Accessible text has a great contribution in achieving inclusive learning environments. The accessibility of textual content can be enhanced by emphasising the use of appropriate language, clarity, and coherence. In this way, not only can the content be understood by a wider audience, but the quality of the educational material increases dramatically.
- Use clear and simple language
- Avoid jargon and technical terms.
- Always explain uncommon terms or formulations beforehand.
- Use headings and structure
Use headings and other structuring labels to organise the content, making it easier for users to understand the hierarchy of information..
- Colour contrast
- Use sufficient colours contrast between text and background to ensure that the text is easy to read for users with low vision.
- Avoid using very high contrast because it can make reading difficult for some people.
- A good colour combination is black text over off-white background.
Use a font size that is easily perceivable, and ensure that users can set the font size to meet their needs.
- Prefer fonts that are easy to read like sans-serif font types.
- Avoid using too many different fonts since it make difficult to read and focus on the information
- Use semantic mark-up
If the digital format allows semantic markup, such as office documents, web and PDF; to indicate the purpose of content and to make it suitable for ATs.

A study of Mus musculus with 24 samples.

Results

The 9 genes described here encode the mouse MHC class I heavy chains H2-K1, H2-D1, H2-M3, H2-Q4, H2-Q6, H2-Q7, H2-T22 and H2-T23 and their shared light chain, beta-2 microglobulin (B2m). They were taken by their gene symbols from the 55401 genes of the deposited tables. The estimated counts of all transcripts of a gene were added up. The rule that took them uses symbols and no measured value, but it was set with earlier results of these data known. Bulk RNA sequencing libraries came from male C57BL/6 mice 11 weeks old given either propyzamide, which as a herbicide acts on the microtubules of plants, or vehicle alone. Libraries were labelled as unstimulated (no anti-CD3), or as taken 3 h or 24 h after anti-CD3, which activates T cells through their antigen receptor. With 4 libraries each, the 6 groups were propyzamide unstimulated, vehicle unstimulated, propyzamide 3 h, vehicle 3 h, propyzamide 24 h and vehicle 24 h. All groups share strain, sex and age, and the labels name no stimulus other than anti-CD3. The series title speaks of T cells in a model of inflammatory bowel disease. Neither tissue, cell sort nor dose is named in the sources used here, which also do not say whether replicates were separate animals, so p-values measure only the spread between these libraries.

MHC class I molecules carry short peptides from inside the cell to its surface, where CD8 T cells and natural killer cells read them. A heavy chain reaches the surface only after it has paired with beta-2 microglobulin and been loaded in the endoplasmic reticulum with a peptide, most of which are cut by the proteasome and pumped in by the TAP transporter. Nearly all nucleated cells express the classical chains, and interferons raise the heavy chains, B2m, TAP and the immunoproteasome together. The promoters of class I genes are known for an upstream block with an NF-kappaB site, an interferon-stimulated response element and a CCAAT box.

For example labelling:
- Headers ("h1", "h2", ... in HTML)
- Lists ("ul" and "ol" in HTML)
- Link text
Use descriptive text for links, so that users can understand the destination or action of the link without having to interact with it.
- Avoid using colour as the only means of conveying important information
- Use, in addition to colour, other ways of providing the information, such as writing explicitly the information or using symbols that can be understood and perceived.
- People with colour colour blindness and by screen reader users are greatly impacted by this issue.
- Avoid the use of tables for layout
- Use columns or sections.
- Avoiding using tables to arrange the content.
- Arrange the text using the tools for this purpose. Eg. make use of CSS if you are creating a webpage.
- Test with assistive technologies
- Use ATs, such as screen readers and a keyboard to ensure that it is fully accessible to users with disabilities.
- Use automatic accessibility checkers, if available but, do not fully rely on them.